The Golden State’s Department of Fish and Wildlife describes the tar balls as small, dark and often sticky remnants of oil spills or natural oil seeps in bodies of water.
The agency explained that as winds and waves break an oil slick into smaller patches, various physical, chemical and biological processes change the appearance of the oil by a process called “weathering.”
The formation of tar balls occurs as the oil patches are broken into smaller pieces.
While tar balls range in size, they are generally less than 10 centimeters in diameter – alternatively, tar patties are larger – and the balls can travel hundreds of miles from the original oil release point.
The department said the tar balls are “like a toasted marshmallow” — often hard and crusty on the outside and soft and gooey on the inside. Fresh tar balls appear more like drops of molasses.
Both the temperature of the tar ball and the amount of particulates and sediments present in the water or on shore can impact the stickiness of the tar ball.
The number of tar balls that wash up on shore depends on wind patterns, sea currents, marine traffic, how often the beach was cleaned and whether the source was an oil spill or seep that happened recently.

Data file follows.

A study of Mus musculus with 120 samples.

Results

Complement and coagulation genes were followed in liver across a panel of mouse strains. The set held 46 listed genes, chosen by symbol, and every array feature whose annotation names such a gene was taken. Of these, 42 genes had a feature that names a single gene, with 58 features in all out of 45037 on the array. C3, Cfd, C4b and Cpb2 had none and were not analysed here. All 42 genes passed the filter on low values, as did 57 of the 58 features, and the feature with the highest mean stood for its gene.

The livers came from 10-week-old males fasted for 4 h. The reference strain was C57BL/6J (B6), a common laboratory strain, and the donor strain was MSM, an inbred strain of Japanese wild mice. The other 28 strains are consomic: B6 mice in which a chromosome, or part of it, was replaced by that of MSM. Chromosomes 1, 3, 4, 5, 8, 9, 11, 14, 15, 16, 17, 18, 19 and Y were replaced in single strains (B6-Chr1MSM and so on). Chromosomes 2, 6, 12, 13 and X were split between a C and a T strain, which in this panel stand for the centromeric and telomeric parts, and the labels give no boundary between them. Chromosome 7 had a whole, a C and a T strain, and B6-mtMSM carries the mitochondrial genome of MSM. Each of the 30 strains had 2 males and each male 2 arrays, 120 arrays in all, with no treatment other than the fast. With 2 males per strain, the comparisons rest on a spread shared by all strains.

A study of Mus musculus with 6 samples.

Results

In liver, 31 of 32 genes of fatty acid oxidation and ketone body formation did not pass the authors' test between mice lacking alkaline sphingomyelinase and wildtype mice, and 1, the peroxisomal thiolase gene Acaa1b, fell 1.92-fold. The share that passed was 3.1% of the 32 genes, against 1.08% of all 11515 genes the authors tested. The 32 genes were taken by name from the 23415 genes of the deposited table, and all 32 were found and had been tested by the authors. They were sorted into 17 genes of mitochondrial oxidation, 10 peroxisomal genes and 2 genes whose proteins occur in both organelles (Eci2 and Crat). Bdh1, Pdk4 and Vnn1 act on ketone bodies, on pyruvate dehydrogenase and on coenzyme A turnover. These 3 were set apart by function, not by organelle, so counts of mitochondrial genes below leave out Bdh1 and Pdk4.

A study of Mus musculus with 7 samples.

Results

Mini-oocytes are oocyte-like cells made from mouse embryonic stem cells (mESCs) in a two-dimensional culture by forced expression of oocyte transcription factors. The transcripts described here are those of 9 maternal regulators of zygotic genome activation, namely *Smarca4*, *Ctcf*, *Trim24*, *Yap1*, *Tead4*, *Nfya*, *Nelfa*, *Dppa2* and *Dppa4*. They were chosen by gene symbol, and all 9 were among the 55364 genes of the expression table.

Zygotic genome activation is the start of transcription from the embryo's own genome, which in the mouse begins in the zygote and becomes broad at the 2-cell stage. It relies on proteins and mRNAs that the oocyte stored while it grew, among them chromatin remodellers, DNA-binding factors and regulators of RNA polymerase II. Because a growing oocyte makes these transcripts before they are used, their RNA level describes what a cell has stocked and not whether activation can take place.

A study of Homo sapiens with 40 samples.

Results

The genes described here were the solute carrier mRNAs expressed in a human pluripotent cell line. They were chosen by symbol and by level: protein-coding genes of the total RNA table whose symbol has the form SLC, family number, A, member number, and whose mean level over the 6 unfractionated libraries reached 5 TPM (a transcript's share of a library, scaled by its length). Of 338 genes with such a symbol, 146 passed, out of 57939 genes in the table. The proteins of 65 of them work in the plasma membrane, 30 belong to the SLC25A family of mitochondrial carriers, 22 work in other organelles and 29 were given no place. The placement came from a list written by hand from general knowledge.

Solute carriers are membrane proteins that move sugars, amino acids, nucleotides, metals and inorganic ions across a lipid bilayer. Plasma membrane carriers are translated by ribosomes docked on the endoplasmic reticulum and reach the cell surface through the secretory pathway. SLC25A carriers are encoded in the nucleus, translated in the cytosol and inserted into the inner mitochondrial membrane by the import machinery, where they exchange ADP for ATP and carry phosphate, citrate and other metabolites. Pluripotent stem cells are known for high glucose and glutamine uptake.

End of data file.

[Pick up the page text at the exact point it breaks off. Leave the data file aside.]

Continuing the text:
While tar balls on the shore may be picked up by hand, oil contains hazardous chemicals and members of the public are advised to avoid contact with the tar balls.
If contact with skin occurs, individuals are instructed to wash the area with soap and water or baby oil and avoid using solvents, gasoline, kerosene or diesel fuel on the skin.
Wildlife may also pick up tar balls, which could result in a loss of waterproofing, life-threatening exposure to the cold or the ingestion of hazardous materials.
“If you see tar balls, oil slicks or wildlife affected by #oilspill please don’t touch them,” the City of Carlsbad tweeted Thursday. “Let the experts know at .”
The tar balls have also been spotted in San Diego, Oceanside, Del Mar and Encinitas as the crude oil moves southward, according to Fox 5, though the link has yet to be 100% confirmed.
Tens of thousands of gallons of crude oil were spilled due to a leak in an underwater Amplify Energy pipeline, closing the ocean and shoreline of Huntington Beach and other communities.
While the cause of the leak remains under investigation, video of the ruptured pipeline released by the U.S. Coast Guard showed a thin, 13-inch-long crack, and federal transportation investigators said preliminary reports suggest the failure may have been “caused by an anchor that hooked the pipeline, causing a partial tear.”
This is not the first time that tar balls have dotted southern California’s beaches.
In 1999 an undersea pipeline that leaked at least 3,800 gallons oil caused tar balls to wash up on Orange County beaches, and tar balls washed up at Newport and Huntington beaches in 2016 from natural offshore seepage.
The Associated Press contributed to this report.